Workshop In recent weeks we’ve received plenty of meaty responses in roughly equal measures (positive and negative) to the questions posed in this workshop. For many, service management is seen as simply doing the job properly, regardless of the tools / politics / obtrusive management and so on. Others do what they do but really don’t care or think about what they do in terms of services.
Let's cut to the chase: if you don’t care or haven’t thought about it, why not? There could be very good reasons. For example, try as you might perhaps the business will never ‘get it’. Alternatively, maybe the business really does get all this service delivery stuff, in which case IT will continue to stand at odds with the rest of the business. Maybe thinking about services isn’t your job. But it should be someone’s shouldn’t it?
The really big question for IT management is how to get from component management to service management. It may be less of an upheaval than we think in terms of mindset and the kit we use. The mindset thing is at least easy to acknowledge, if harder to adopt. But it is easy to grasp the basic premise of aligning resources and capabilities with what the business actually needs - even if you never saw it written down this way before. Next is ‘OK, so how?’ There are a few things we do need in place to be able to do this.
First is some kind of measure of ‘user experience’, and second is a way of tracking problems that affect said experience, coupled to the ability to fix them. The stuff we have in place today does all that, it’s just very, very slow, so we don’t ever look like we are managing ‘a service’. We have all the right information, but it’s in lots of places. Nobody has the bird’s eye view needed to make changes as needed to limit the impact of a problem (or potential problem) from the point of view of the users *ongoing* experience.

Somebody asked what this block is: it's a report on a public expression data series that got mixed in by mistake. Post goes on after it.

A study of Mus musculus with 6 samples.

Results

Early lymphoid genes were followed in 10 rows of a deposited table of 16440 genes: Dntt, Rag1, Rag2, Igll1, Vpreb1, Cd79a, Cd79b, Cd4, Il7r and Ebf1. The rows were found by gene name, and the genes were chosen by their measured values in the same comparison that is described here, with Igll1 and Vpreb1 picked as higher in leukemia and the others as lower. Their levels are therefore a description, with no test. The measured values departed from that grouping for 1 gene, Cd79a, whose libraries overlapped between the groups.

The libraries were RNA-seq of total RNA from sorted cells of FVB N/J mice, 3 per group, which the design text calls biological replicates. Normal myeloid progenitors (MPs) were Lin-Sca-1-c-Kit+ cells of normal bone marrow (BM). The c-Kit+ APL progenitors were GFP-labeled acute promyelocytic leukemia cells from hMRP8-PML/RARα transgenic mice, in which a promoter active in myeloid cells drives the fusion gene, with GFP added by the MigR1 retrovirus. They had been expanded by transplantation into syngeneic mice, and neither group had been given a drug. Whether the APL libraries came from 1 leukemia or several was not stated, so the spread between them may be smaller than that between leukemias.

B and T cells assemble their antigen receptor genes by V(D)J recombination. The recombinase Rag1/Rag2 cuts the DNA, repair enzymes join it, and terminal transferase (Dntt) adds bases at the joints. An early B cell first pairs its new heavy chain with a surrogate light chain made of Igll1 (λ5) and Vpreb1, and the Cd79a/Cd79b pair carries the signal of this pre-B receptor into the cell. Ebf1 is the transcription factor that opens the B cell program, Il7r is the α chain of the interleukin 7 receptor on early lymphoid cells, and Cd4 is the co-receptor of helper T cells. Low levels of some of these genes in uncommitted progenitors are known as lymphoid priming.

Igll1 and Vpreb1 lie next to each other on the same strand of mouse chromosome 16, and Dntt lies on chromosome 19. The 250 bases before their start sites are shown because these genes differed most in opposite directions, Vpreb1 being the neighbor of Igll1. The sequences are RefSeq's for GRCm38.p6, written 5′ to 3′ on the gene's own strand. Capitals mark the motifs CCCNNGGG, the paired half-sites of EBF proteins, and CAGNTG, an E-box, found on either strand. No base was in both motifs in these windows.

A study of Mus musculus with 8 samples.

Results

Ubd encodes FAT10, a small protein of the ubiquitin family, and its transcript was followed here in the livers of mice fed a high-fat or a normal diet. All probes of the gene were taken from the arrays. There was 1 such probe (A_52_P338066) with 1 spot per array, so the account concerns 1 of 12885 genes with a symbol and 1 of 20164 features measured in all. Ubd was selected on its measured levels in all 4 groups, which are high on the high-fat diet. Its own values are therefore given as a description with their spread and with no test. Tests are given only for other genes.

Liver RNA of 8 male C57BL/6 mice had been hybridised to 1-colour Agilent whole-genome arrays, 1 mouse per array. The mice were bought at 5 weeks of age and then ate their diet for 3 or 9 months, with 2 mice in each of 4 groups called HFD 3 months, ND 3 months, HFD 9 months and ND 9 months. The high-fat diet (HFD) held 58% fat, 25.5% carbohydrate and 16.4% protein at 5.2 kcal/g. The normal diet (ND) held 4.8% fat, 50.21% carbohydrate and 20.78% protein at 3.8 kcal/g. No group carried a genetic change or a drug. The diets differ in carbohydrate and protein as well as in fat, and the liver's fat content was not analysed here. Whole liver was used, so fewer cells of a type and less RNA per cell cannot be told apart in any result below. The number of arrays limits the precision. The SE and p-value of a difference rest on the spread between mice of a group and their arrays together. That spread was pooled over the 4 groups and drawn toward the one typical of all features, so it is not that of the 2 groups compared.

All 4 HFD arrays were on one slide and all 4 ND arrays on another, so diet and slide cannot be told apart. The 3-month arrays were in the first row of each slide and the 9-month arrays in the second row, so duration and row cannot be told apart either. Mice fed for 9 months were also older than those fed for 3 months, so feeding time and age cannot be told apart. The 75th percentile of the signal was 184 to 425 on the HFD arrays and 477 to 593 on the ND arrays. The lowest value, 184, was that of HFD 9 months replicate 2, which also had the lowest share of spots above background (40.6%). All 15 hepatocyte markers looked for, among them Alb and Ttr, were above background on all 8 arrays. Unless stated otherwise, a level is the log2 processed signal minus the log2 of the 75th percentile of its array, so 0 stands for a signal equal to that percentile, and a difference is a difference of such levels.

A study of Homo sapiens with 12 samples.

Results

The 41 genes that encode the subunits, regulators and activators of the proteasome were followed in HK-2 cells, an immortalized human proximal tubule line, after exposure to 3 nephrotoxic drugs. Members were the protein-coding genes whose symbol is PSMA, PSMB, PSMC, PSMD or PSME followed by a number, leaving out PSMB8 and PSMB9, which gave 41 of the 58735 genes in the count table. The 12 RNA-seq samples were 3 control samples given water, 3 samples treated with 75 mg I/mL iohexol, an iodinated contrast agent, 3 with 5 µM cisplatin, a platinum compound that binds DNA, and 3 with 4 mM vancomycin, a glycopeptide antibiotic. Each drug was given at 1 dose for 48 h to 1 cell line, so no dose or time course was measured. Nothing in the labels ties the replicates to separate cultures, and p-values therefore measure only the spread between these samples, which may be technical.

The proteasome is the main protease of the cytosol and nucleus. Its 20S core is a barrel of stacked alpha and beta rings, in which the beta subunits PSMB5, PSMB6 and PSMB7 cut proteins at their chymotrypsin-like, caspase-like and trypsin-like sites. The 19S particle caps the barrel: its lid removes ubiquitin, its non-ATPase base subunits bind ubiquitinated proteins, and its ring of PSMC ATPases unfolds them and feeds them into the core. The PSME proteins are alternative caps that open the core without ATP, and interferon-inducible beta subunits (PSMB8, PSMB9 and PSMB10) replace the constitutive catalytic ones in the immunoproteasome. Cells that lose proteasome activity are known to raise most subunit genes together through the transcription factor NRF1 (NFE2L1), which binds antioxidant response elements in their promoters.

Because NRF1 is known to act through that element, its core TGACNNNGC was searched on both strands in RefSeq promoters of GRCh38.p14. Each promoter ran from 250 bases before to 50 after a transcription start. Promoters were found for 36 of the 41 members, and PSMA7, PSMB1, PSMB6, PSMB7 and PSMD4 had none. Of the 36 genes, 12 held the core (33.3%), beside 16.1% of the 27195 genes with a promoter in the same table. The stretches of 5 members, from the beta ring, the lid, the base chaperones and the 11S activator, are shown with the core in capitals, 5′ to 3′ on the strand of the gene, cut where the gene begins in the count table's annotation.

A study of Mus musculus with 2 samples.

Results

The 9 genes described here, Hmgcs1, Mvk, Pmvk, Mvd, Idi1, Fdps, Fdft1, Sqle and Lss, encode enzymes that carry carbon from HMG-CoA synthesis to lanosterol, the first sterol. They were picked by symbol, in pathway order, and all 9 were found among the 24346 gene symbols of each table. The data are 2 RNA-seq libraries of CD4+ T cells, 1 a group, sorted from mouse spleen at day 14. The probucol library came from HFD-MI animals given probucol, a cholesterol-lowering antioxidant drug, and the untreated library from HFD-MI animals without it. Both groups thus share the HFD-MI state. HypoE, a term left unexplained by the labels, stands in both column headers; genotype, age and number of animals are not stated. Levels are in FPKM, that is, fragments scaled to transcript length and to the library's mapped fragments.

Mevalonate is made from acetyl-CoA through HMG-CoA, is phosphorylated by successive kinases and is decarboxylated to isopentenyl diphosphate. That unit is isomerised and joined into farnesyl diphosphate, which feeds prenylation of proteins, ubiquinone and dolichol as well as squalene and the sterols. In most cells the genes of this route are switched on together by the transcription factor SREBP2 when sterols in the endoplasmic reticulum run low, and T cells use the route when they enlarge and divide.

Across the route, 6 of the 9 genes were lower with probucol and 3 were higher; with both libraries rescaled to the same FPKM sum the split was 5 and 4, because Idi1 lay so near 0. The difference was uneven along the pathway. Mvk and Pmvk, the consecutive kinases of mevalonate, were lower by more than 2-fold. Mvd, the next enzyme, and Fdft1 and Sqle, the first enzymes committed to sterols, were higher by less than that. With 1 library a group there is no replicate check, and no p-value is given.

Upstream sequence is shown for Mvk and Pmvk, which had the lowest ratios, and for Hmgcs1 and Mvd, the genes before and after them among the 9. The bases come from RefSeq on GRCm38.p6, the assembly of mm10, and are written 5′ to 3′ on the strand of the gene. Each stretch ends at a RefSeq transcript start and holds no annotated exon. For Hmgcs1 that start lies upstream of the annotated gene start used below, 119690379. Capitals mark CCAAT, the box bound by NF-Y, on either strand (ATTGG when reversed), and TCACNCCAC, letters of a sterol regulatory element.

Speed connects all this together . The ‘legacy of a fragmented past’ (hark!) is that it takes too long between someone’s application faltering, finding the problem, identifying the cause of the problem and fixing it. Perhaps in here somewhere we have a workable definition of service management for coalface IT: ‘if we can find and fix a problem before the user notices or cares about it, that’s [good] service management’.
The thing is, tools exist out there which claim to be able to help IT shops do this. They might not all be marketed as ‘BSM’ but they are aimed at helping you ‘manage business services’. We have no axe to grind about which tools you find are any good, but what we do want to hear about is how you, or those more senior to you are going about trying to improve things in this area. As usual we’d love to hear your views.